First World War chaplains from St. Luke’s Church

Rev. Fanning Harris the first Canadian chaplain to be killed on active service during a time of war

As some people may know, Rev. Webster Fanning Harris was the first Canadian chaplain to be killed while on active service during a time of war.

Rev. Fanning Harris had served as rector at St. George’s in Stettler and St. Luke’s in Red Deer, before he enlisted in January 1916 for service overseas.

In the summer of 1916, he was sent to the front lines during the bloody Battle of the Somme.

On Sept. 26th, 1916, while conducting a burial service for a young Canadian soldier, he was hit in the back with a stray piece of shrapnel. His spine was severed and he was left totally paralyzed from the waist down.

After several months of intense suffering, he passed away on May 4th, 1917.

The beautiful stained glass window on the east end of St. Luke’s Church is a memorial to Rev. Fanning Harris.

What is rarely remembered is that another chaplain, who had served as an assistant at St. Luke’s Church, was also killed in action during the First World War.

This was Captain Rev. William Henry Davis.

William Davis was born on Jan. 23rd, 1883 at Tullamore, King’s County, in the midlands of Ireland. In the early part of the last century, he decided to emigrate to western Canada.

He took his theological training at Emmanuel College in Saskatoon, Saskatchewan.

Rev. Harris preached for a while at Tisdale, Saskatchewan. However, in January 1914, he was assigned to be an assistant minister at Christ Church in Edmonton.

Edmonton had been growing very rapidly.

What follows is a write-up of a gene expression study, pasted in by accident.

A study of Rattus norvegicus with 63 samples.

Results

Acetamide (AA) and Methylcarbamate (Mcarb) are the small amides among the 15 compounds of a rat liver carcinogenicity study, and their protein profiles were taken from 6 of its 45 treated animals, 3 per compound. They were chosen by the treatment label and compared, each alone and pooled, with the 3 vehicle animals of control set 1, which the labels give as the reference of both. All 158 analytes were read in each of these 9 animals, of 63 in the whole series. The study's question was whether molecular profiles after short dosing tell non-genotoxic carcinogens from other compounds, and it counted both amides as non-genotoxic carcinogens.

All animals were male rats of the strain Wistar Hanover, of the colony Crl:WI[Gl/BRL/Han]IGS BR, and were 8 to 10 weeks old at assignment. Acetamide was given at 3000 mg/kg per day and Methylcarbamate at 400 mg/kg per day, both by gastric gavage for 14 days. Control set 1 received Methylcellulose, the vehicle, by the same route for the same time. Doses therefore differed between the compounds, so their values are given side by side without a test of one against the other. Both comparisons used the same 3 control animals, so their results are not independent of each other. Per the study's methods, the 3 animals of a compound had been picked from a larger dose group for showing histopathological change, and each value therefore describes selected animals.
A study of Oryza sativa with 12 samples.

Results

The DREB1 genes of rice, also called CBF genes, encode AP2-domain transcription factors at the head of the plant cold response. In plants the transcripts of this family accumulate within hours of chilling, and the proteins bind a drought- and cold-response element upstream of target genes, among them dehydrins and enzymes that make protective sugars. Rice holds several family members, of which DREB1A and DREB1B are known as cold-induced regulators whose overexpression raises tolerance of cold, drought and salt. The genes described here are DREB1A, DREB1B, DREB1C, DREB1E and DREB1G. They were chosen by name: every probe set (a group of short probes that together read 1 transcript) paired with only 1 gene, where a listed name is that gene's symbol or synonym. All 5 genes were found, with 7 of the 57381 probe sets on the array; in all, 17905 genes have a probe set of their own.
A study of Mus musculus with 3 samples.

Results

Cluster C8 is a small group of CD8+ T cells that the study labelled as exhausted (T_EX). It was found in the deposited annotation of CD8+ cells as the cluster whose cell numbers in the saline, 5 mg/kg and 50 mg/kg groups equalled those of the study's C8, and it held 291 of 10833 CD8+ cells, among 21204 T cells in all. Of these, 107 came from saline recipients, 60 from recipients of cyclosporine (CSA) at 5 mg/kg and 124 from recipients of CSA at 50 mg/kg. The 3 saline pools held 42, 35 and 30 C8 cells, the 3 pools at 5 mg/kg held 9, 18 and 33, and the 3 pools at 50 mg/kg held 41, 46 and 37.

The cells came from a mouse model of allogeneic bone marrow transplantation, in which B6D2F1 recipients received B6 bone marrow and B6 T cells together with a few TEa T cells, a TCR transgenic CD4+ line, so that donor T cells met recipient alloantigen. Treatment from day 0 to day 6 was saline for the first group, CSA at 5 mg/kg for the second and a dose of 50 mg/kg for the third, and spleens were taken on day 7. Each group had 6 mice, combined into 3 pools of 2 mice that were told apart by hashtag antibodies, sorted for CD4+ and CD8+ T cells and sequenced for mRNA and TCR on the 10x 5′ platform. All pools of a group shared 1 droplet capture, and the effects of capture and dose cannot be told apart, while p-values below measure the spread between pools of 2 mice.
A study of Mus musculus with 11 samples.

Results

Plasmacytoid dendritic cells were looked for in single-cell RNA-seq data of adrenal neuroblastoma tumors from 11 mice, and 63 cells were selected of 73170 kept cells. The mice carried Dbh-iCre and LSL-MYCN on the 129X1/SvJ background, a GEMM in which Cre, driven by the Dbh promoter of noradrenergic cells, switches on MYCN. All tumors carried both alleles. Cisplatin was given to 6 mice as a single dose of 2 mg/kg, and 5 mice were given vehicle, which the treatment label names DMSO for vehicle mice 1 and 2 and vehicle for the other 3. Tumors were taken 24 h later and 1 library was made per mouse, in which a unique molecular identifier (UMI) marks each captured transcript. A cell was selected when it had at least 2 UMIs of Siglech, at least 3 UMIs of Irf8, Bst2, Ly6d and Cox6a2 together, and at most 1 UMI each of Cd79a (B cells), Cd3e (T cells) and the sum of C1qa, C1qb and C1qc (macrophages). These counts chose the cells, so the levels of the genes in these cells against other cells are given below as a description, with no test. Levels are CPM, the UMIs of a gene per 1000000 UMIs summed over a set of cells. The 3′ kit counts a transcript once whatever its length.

Hence, Rev. Harris was given the responsibility of creating the new parish of St. Peter’s in the Westmount district of Edmonton. He also covered another proposed parish – St. Mark’s.

St. Peter’s flourished under Rev. Davis’ direction, even though more than 50 parishioners enlisted after the First World War broke out in the summer of 1914.

On March 3rd, 1916, St. Peter’s hosted a Soldiers Banquet to honour those who had enlisted or were about to enlist for the War. Three days later, Rev. Harris enlisted with the 138 Battalion, C.E.F. and was made the chaplain.

Several other Anglican ministers had already enlisted, creating a shortage of clergy across Alberta.

Hence, although Captain Rev. Davis was now a military chaplain, he was sent out to help conduct services at St. Luke’s in Red Deer and at Rocky Mountain House.

While at Red Deer, he worked with an old friend. Rev. G.N. Finn.

However, Captain Rev. Davis also soon went overseas. By the spring of 1917, he was in France and was transferred into the 4 Canadian Mounted Rifles as one of that unit’s chaplains.

Captain Rev. Davis was in the front lines at several major battles including Vimy Ridge, Lens and Passchendaele. He led groups of stretcher bearers onto the battlefields, ministered to the wounded and conducted funeral services for the dead, often while under enemy fire and/or shelling.

He particularly distinguished himself at the horrific Battle of Passchendaele.

It was reported that, “He went forward with the men, mustering and organizing a party of stretcher-bearers, gaining the admiration of all the combatants by walking about in the open looking for wounded, apparently oblivious of his danger. It was a miracle that he lived to enter another action.”

For his conspicuous bravery at Passchendaele, Captain Davis was awarded the Military Cross. He was presented with his medal by King George V at Buckingham Palace.

During the Battle of Amiens, on Aug. 9th, 1918, (the second day of fighting), Captain Davis went to the Le Quesnel Hospital to collect a party of stretcher bearers. As he approached the battlefield to look for wounded, a shell exploded at his feet, killing him and a nearby stretcher bearer instantly.

Captain Rev. Davis is buried in the Le Quesnel Communal Cemetery near Somme, France. A memorial plaque to him was later unveiled at St. Peter’s Anglican Church in Edmonton.